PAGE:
Everyone remember: Volkswagen have announced a firmware update for the ID.4 which ramps up to peak level earlier, tapers off later, and increases that maximum rate from 125kW to 135kW. It's just an 8% increase in peak level, but the prolonged hold at the higher rate means the car can charge from 10% to 80% capacity around 23% quicker than before the firmware download. These OTA (over-the-air) updates allow EV makers to tweak things like the useable battery percentage, the charge curve, even the rate of acceleration under certain settings. It's a brave new world where we have to stop thinking about vehicles as having static and set components with locked-in attributes. If real-world running shows the Subaru can be upped from 100kW peak without undue damage to the CATL battery pack, one OTA update will open that up to owners.Green Car Reports mentions the battery differences between the AWD and FWD Toyota Bz4X.
Seems the AWD vehicles will have CATL sourced battery limited to 100kW charging. Assuming the Solterra will use the CATL batteries, this could support Subaru’s just under and hour claim to fast charge. CATL website also has some interesting info on the battery technology they offer. Though they state their batteries can be charged to 80% SOC in only 30 minutes. So it could be that Subaru is being conservative by limiting the onboard charger to 100kW.The first Toyota EV since the “powered by Tesla” RAV4 EV plays well to Toyota strengths, with top efficiency and a thoughtful feature set.www.greencarreports.com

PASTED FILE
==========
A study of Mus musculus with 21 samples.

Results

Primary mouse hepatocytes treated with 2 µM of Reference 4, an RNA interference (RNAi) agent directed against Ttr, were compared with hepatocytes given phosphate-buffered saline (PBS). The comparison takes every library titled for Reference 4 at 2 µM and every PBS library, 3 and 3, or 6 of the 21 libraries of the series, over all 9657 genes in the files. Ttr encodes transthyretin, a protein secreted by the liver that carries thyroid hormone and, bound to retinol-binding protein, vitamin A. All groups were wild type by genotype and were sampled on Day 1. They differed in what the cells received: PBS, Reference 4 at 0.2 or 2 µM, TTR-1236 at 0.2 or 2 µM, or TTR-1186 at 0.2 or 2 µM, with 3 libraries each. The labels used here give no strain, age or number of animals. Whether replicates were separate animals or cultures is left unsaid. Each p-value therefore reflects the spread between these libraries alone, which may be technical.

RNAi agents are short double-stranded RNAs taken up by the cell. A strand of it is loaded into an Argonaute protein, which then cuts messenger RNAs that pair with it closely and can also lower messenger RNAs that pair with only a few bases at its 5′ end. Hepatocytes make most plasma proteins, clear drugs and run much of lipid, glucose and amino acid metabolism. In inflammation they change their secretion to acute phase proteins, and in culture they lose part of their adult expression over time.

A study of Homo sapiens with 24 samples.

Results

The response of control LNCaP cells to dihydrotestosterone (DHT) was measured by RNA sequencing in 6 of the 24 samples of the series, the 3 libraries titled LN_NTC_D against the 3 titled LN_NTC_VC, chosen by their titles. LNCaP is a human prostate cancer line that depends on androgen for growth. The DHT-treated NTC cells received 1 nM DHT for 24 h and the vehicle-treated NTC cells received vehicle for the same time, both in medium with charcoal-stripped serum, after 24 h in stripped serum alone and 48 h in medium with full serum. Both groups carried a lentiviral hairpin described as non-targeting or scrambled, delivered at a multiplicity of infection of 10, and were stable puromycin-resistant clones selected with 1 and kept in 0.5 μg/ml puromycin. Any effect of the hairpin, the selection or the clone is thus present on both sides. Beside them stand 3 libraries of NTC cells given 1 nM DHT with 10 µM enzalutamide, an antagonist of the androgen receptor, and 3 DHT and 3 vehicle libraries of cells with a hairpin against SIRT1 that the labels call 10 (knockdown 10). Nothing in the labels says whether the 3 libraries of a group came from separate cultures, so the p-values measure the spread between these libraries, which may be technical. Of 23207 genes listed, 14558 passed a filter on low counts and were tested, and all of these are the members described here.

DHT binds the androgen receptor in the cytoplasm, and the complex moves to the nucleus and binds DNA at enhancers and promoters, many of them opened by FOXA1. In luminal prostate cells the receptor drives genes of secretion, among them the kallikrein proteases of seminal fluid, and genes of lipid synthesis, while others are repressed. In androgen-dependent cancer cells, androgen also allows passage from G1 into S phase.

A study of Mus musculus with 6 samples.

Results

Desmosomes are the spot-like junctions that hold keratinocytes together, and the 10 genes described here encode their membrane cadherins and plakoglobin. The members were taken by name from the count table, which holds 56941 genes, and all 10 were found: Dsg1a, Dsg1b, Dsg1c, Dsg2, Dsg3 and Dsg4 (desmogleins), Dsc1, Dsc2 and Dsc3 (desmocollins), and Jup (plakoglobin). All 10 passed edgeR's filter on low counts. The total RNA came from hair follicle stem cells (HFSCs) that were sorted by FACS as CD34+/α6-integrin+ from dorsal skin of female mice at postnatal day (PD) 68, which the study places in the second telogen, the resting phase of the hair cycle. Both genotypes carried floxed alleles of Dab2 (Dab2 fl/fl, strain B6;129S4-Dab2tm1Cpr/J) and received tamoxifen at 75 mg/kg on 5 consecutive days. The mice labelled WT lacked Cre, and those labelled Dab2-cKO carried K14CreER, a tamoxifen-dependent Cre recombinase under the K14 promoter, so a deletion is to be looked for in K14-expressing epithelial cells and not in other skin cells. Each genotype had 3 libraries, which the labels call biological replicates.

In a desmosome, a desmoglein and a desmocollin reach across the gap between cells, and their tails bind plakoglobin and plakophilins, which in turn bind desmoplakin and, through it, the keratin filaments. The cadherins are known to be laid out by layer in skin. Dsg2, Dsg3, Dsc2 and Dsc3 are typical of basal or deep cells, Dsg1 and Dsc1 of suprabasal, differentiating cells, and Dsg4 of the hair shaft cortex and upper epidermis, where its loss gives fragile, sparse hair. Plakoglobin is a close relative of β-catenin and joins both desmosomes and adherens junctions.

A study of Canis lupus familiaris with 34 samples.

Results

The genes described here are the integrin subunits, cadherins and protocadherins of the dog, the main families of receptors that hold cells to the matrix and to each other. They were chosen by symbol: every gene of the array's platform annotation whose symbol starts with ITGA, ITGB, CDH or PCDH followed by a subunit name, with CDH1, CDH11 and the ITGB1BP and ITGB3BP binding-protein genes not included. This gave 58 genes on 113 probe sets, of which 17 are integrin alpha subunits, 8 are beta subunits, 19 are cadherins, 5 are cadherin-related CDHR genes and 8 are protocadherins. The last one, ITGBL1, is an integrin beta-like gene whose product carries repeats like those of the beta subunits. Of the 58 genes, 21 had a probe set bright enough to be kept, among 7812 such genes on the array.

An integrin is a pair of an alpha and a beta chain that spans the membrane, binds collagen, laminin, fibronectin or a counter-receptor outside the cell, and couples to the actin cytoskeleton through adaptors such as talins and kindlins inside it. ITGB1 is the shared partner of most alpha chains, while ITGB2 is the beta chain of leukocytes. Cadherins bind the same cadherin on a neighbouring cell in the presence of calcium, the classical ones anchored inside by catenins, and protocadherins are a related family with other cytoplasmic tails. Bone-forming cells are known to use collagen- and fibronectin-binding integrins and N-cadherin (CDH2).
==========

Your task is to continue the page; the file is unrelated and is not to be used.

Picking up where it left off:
Contemporary Amperex Technology Co., Limited (CATL), a global leader in lithium-ion battery development and manufacturing, is committed to providing advanced solutions for global new energy applications. Its business covers R&D, as well as manufacturing and sales in battery systems for new...www.catl.com
For the 'Panasonic' battery options Toyota has in the two-wheel drive vehicles, it's not just Panasonic. Prime Planet Energy & Solutions (PPES) is a joint venture between Toyota (51%) and Panasonic (49%) started in late 2017. Toyota have had years to work first-hand with that technology, they're confident in starting with their own co-developed tech hitting the ground running. With the CATL packs, the Chinese company (as Nko029 says) states it can handle that level of charge. Toyota (and by association Subaru) are taking it in steps. I'm fine with that.
The VW I mentioned at the start of the post? Their batteries were produced by South Korea’s LG Chem. But once ID 4 production shifts to Chattanooga, Tennessee this year, the batteries will be supplied by SK Innovation, another South Korean company that recently opened a $2 billion factory nearby VW’s plant there. So they had to break in their tech too, first with LG and now with SKI, and they've been selling the ID.4 for a couple of years now. Give the Subaru time to catch up.